Welcome back to the news here and it's the fastest growing sport in the country we're talking about pickleball and it's described as sort of a mix between tennis badminton and ping pong and those pickleballers need a place to play they say cities towns and homeowners associations are trying to keep up pace here many of them converting basketball.

Or tennis courts over to pickleball courts now as Arizona's family investigates found this is pitting neighbor against neighbor in some spots Amy Cutler is here to explain you said this is even leading to a few lawsuits exactly you know if you've played pickleball or you know someone who does you know that people are passionate.

About this sport they just love it but it is having the unintended consequence of this some that live and work around these pickleball courts say they have no choice but to take legal action the noise associated with the sport is making their lives hell ah it's like pretty easy to pick up yeah you're pretty competitive everybody can.

Play Fenton and his wife Clarissa are new to pickleball I always say it's like a giant like a life-sized ping pong definitely easier than tennis we met them as they played at Phoenix's in Kanto Park over the last couple of years the city has tried to meet the growing demand for.

Pickleball they've converted Tennis Courts at two parks another is in The Works Scottsdale says it's also changed over Courts at three parks but in private communities those changes are more complicated it has completely changed my life very distracting the pit the high-pitched sounds.

Debbie Nagel and her partner Michael kaklinka sharing these recordings from their backyard I no longer can enjoy my backyard or open my windows the North Scottsdale homeowners tell us their HOA The Stonegate Community Association didn't consult them when they converted a nearby tennis court into two pickleball.

Courts they did not do a sound study prior to putting that pickleball court in Lance Willis with s w Acoustics and noise control sees it all the time he's called in to do noise mitigation studies it is intrusive it has a high onset rate which is similar to other impact type sounds the thing that people.

Complain about is the popping sound of the paddle when the ball hits the paddle all right there's just a lot more people that can play at one time in a conversion a tennis court is turned into two pickleball courts upwards of eight people can play at one time that too adds to the noise.

Willis advises against changeovers he's usually called in once they've been done and neighbors complain so this is a sound level meter he showed us what a study like this involves he sets up at the impacted homeowners property line to capture the sound we need to separate the uh the paddle impacts from the background noise level he used the data.

To develop a noise abatement plan it comes down to putting something between the court and the form of a wall but Willis admits it doesn't always fix the problem pickleball really is different and it needs to be planned for differently than other sports he advises courts be at least 150 feet from homes Nagels is just.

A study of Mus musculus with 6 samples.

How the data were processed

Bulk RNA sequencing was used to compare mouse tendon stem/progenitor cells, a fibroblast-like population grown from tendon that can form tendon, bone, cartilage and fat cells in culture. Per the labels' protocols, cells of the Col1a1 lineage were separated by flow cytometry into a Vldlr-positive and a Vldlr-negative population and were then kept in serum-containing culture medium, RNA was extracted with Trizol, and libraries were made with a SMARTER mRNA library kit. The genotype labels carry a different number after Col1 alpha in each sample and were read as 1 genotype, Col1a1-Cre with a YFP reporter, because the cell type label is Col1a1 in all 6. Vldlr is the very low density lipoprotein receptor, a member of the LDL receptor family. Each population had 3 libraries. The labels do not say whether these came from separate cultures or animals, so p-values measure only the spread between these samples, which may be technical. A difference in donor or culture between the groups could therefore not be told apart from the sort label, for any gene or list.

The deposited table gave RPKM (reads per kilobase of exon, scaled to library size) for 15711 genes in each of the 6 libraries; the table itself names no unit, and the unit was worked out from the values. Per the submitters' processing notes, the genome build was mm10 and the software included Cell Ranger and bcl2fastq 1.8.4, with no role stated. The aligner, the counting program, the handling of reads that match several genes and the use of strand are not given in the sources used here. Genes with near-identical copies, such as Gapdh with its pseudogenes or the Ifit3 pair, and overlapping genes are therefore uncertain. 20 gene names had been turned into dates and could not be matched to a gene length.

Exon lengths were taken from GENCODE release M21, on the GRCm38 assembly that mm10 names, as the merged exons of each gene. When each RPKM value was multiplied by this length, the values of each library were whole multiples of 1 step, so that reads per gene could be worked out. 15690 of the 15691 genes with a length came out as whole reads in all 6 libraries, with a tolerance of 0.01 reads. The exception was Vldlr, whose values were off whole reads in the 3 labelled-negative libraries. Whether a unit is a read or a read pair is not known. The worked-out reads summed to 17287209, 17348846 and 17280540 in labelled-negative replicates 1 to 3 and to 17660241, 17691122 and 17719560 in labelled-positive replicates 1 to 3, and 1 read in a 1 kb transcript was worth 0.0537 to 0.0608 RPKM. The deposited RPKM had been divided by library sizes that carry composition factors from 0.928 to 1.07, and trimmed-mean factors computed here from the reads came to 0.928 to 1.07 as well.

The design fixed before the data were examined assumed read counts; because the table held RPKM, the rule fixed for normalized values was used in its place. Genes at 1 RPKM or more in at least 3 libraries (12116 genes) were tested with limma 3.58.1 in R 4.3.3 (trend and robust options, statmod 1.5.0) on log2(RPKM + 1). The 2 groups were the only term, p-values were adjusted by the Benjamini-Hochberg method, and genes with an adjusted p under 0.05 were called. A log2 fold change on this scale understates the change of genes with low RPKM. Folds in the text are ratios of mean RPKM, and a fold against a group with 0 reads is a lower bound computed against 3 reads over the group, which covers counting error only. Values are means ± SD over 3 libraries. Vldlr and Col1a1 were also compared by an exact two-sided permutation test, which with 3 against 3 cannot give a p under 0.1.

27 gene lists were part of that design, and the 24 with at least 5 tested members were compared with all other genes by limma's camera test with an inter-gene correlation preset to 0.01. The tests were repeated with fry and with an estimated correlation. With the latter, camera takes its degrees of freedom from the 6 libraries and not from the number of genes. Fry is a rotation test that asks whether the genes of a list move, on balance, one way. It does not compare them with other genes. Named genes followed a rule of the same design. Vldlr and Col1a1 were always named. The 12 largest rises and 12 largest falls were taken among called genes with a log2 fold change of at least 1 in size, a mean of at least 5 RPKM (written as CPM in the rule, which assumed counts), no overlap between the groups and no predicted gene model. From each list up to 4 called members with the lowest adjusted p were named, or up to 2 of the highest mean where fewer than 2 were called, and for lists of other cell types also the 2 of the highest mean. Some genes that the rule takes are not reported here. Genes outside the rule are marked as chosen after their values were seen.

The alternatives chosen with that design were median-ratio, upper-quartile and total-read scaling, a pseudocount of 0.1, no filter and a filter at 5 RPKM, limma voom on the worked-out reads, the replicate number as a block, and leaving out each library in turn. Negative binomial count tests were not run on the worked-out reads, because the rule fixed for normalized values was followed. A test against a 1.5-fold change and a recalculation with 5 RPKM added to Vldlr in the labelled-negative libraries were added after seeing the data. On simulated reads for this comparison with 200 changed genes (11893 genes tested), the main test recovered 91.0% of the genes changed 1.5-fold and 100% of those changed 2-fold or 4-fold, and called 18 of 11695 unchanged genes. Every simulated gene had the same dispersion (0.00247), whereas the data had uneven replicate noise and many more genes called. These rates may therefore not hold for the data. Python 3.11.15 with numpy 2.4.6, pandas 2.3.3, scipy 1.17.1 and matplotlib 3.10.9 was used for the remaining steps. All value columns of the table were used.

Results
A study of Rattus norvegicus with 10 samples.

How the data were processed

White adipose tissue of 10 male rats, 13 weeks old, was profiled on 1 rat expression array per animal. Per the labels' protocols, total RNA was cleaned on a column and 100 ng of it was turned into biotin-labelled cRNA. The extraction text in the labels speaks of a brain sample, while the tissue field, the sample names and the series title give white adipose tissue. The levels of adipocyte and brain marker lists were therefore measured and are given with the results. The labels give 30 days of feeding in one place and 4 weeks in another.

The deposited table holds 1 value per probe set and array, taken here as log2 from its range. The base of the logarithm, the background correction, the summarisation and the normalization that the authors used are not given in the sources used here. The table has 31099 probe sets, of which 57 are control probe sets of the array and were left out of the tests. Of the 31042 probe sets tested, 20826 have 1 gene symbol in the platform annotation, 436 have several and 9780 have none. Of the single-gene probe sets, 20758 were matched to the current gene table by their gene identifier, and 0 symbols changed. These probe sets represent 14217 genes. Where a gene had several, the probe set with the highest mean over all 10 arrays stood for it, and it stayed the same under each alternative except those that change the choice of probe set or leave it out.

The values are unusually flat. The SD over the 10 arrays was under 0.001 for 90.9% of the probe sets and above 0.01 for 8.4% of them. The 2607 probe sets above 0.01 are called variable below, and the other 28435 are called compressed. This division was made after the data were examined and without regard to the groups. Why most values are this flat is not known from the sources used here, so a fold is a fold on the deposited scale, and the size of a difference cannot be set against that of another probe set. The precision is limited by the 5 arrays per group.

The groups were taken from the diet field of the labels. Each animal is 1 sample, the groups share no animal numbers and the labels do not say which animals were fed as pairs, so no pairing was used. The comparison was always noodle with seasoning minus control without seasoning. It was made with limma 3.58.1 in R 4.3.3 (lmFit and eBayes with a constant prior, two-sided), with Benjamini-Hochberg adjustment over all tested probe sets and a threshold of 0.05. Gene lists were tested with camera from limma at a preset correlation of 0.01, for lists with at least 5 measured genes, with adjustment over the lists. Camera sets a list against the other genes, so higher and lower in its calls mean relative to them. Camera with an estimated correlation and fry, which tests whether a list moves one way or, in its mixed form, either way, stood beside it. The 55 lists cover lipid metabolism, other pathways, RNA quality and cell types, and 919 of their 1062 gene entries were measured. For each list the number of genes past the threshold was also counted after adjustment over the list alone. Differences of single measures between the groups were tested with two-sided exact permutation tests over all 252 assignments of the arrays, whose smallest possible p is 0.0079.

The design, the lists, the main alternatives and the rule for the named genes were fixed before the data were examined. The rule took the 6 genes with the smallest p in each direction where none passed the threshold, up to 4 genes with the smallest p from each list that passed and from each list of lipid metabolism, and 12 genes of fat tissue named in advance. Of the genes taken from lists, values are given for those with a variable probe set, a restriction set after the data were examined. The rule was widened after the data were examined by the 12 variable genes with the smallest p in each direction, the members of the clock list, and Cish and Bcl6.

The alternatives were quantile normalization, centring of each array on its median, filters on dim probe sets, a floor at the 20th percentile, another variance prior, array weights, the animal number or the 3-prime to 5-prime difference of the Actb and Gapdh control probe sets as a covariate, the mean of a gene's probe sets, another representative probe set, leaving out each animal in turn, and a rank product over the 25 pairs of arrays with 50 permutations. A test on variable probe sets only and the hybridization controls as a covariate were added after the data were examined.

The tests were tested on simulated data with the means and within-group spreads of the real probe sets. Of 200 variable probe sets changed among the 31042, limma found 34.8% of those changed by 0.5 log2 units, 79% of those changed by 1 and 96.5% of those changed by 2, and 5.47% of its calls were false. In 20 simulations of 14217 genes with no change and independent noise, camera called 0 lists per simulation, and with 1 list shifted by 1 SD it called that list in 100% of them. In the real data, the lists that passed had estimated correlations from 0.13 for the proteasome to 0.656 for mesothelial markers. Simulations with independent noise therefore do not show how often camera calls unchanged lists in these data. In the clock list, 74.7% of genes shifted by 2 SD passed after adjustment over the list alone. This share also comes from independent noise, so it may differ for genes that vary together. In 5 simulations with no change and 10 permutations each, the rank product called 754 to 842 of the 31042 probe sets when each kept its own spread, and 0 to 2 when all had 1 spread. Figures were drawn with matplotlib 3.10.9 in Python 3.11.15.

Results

65 feet Stonegate confirms it called in a noise expert recently they recommended building two 12-foot walls at a cost of a hundred and forty thousand dollars neighbors voted it down I think the HOAs are trying to make everybody happy The Last Resort is suing attorney Robert Ducharme who's based in New Hampshire has handled several of these cases so.

It's a new noise people aren't used to it and they're not sure how to handle it yet Ducharme explains that in private communities HOA boards control the common areas the courts have routinely said as long as they're not doing something blatantly illegal they can do anything they want do they have any ground to really stand on I haven't seen.

Anybody win one yet and I'd be surprised if they did in a statement Stonegate tells Arizona's family investiga the association takes all Resident concerns seriously and several months ago took the step of limiting the pickleball Court's hours of use in order to address the noise complaints it's a great sport I'm sure and my.

Problem isn't really with them so what would you like to see happen ideally to have the courts removed now the couple tells me that their next step is a lawsuit the pickleball courts have become so popular there are always people playing on them and they want to be able to use their backyard in peace and if you didn't know what pickleball.

Sounds I think I know it's a unique noise so some you are saying some communities require a certain kind of paddle or certain kind of ball to be used does that make any kind of difference well the noise expert told me it used to make a difference but nowadays everything is standardized so really the the petals and the balls that.

Are in use are standard he really is urging communities to call in an expert before they make these conversions because once you change them over it's really hard to go back yeah it certainly is a unique noise and it's only becoming more popular with like Larry Fitzgerald and others starting professional pickleball leagues so yeah not going.

Anywhere all right Amy Cutler thanks for that
As Arizona’s Family Investigates found, pickleball and the noise that comes with it is pitting neighbor against neighbor, in some cases leading to lawsuits.